Double trouble? Examining Twitter’s new 280 character limit

Back in September, Twitter doubled its character limit for a select few across the world (we’re looking at you, @careerssurrey) in a trial before potentially rolling out a 280 character limit for everybody.

Earlier this month they made the leap and confirmed that all users except those who tweet in Japanese, Korean and Chinese (the company said cramming isn’t an issue in these languages, because the “density of their writing systems” allow people to say a lot more with fewer characters) now have double the space for their tweets.

The facts

According to Twitter, nine per cent of English-language tweets hit the 140-character mark, compared to just 0.4 per cent of tweets sent in Japanese.

After the site expanded its limit to 280 characters for the test group, it found that only one per cent of their tweets reached the new limit.

“Since we saw tweets hit the character limit less often, we believe people spent less time editing their tweets in the composer,” said Twitter project manager Aliza Rosen.

“This shows that more space makes it easier for people to fit thoughts in a tweet, so they could say what they want to say, and send tweets faster than before.”

During the trial run, five per cent of the tweets they sent were longer than 140 characters, two per cent went over 190 characters, and the site said its “brevity” remained.

The change

Once rolled out, this shift to 280 characters was automatically made so, by now, you will be able to tweet with more freedom. However, instead of a character count at the bottom of your tweet while you compose it, you now get a small circle instead, the outline of which fills with blue as you use more characters.

The effects

There are plenty of users who are pleased with the change, pointing out that it’s easier to get your point across with more characters, and that there’s no obligation to always use up the 280 limit – it’s just nice to have the extra breathing room.

However, there is a compelling argument that this new change damages one of Twitter’s unique selling points; that you have to keep things short and sweet. Back in the halcyon days of 140 characters, you had to think more about what you included in a tweet. Most of the time you would need to strip it down to its most essential parts – if you were sharing an article or a webpage, you would need to consider what elements of it would appeal to the most people and then ensure you fit those into your tweet. That inspires a bit more creativity, and calls for better writing in general.

Over the years Twitter has added in capabilities like images, videos, GIFs and more recently polls, but its character limit was always the constant. It developed a new way of communicating, and nurtured constantly evolving ways of being informative, engaging, funny etc.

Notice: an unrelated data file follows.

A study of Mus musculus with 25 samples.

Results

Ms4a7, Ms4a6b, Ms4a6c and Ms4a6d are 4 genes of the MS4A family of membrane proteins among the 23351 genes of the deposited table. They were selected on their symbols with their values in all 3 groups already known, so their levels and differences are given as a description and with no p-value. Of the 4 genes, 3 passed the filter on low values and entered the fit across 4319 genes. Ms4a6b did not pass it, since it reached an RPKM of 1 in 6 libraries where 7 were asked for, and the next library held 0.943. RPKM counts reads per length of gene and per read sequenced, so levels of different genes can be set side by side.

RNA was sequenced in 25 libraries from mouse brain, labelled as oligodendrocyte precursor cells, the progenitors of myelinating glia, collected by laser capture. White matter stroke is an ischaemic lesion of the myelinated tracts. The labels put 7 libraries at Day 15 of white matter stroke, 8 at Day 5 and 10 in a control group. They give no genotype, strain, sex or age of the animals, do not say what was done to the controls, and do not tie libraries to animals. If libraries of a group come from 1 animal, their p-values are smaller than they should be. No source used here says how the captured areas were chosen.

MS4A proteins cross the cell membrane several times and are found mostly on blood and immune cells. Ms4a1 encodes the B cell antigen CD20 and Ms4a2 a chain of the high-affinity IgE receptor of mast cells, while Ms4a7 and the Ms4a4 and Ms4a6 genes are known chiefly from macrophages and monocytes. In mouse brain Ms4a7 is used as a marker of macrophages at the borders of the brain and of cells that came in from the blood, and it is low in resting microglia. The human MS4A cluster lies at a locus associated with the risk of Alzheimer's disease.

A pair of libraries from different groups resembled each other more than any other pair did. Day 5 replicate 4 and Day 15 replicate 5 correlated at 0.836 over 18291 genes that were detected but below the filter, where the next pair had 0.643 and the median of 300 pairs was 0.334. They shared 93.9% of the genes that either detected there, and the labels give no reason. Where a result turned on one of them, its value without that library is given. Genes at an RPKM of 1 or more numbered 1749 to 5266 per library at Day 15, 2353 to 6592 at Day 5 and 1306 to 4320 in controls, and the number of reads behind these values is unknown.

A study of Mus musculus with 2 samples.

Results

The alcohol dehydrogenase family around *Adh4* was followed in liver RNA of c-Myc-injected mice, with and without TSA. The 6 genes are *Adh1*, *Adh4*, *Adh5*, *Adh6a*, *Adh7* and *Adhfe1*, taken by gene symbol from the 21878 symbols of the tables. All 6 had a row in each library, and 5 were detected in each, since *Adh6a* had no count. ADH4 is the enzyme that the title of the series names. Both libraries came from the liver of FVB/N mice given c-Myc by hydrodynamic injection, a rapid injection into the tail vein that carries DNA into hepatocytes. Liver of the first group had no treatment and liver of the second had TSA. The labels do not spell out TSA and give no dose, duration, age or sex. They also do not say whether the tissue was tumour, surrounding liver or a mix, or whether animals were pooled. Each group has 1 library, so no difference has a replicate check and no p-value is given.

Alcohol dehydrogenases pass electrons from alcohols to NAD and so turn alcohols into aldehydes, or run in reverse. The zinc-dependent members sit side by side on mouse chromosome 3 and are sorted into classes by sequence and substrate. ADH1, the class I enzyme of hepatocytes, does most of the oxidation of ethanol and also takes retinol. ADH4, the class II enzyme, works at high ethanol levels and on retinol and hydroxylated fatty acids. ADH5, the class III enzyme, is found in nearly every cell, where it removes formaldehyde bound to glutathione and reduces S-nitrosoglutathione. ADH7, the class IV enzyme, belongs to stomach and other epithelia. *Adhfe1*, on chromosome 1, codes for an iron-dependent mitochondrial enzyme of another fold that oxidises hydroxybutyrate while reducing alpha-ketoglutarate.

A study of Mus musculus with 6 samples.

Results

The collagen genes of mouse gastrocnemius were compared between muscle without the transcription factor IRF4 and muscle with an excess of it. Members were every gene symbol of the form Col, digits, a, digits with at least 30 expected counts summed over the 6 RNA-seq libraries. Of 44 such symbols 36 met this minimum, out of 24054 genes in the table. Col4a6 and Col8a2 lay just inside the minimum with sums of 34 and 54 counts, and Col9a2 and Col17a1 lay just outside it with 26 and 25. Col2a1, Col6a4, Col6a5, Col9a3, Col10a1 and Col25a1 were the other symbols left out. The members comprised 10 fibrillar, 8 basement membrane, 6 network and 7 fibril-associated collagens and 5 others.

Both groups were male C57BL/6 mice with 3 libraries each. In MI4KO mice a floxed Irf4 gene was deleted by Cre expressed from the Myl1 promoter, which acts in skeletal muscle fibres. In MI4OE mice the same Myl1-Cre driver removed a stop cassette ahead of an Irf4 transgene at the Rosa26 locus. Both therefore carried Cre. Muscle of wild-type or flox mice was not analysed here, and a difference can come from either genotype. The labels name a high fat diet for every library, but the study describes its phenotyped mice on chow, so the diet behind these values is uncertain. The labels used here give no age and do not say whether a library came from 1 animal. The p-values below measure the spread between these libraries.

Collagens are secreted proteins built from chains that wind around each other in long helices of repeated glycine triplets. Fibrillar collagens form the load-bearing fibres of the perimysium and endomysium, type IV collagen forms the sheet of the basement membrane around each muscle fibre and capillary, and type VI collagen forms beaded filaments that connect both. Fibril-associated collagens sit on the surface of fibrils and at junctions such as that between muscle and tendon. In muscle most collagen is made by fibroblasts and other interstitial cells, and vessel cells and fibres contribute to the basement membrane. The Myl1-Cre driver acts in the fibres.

That’s now changed and while it’s still too early to examine whether longer tweets make the platform less engaging, however you spin it Twitter has drastically altered its fundamentals.

As Twitter expected, a lot of people used up the 280 character limit soon after it was rolled out, largely as a joke:

What was also noticeable is that most of the accounts posting tweets like this came from official brands – most likely in an attempt to stay relevant. By and large, timelines are not being filled by much longer tweets, suggesting that many users – who will all be used to a 140 character restriction – aren’t indulging in the extra freedom as much as some feared.

There have also been important examples of news outlets or other services utilising the new character limit to include more information in their tweets:


The verdict

As mentioned above, the jury’s still out on this one. Various social media platforms have implemented big changes over the years and, by and large, people adapt and adjust. For Twitter, it doesn’t seem to have given their user figures the boost they’re desperate for, but it also doesn’t seem to have turned a lot of current users away from the platform.

Given the current state of social media, it’s a strange decision from Twitter. All stats and insight clearly show that users are much more engaged with visual elements – pictures, videos, GIFs – so boosting text elements of a social platform seems misguided. Instagram and Facebook are way ahead of Twitter in terms of user numbers, largely down to their focus on visual content.

Whether or not you make the most of the 280 character limit is up to you – as ever, avoid using it for the sake of using it. If you’re sharing some content and find that you need to stray over the 140 mark to include the information you want to, then that works fine. However, figures still show that shorter tweets (with visual content) attract more engagement than longer ones. Remember that your tweets will be showing up in timelines that users are scrolling through and it’s unlikely a big block of text will catch their eye and get them to engage with you.

That being said, it does make it easier to write a short story on Twitter. So there’s that.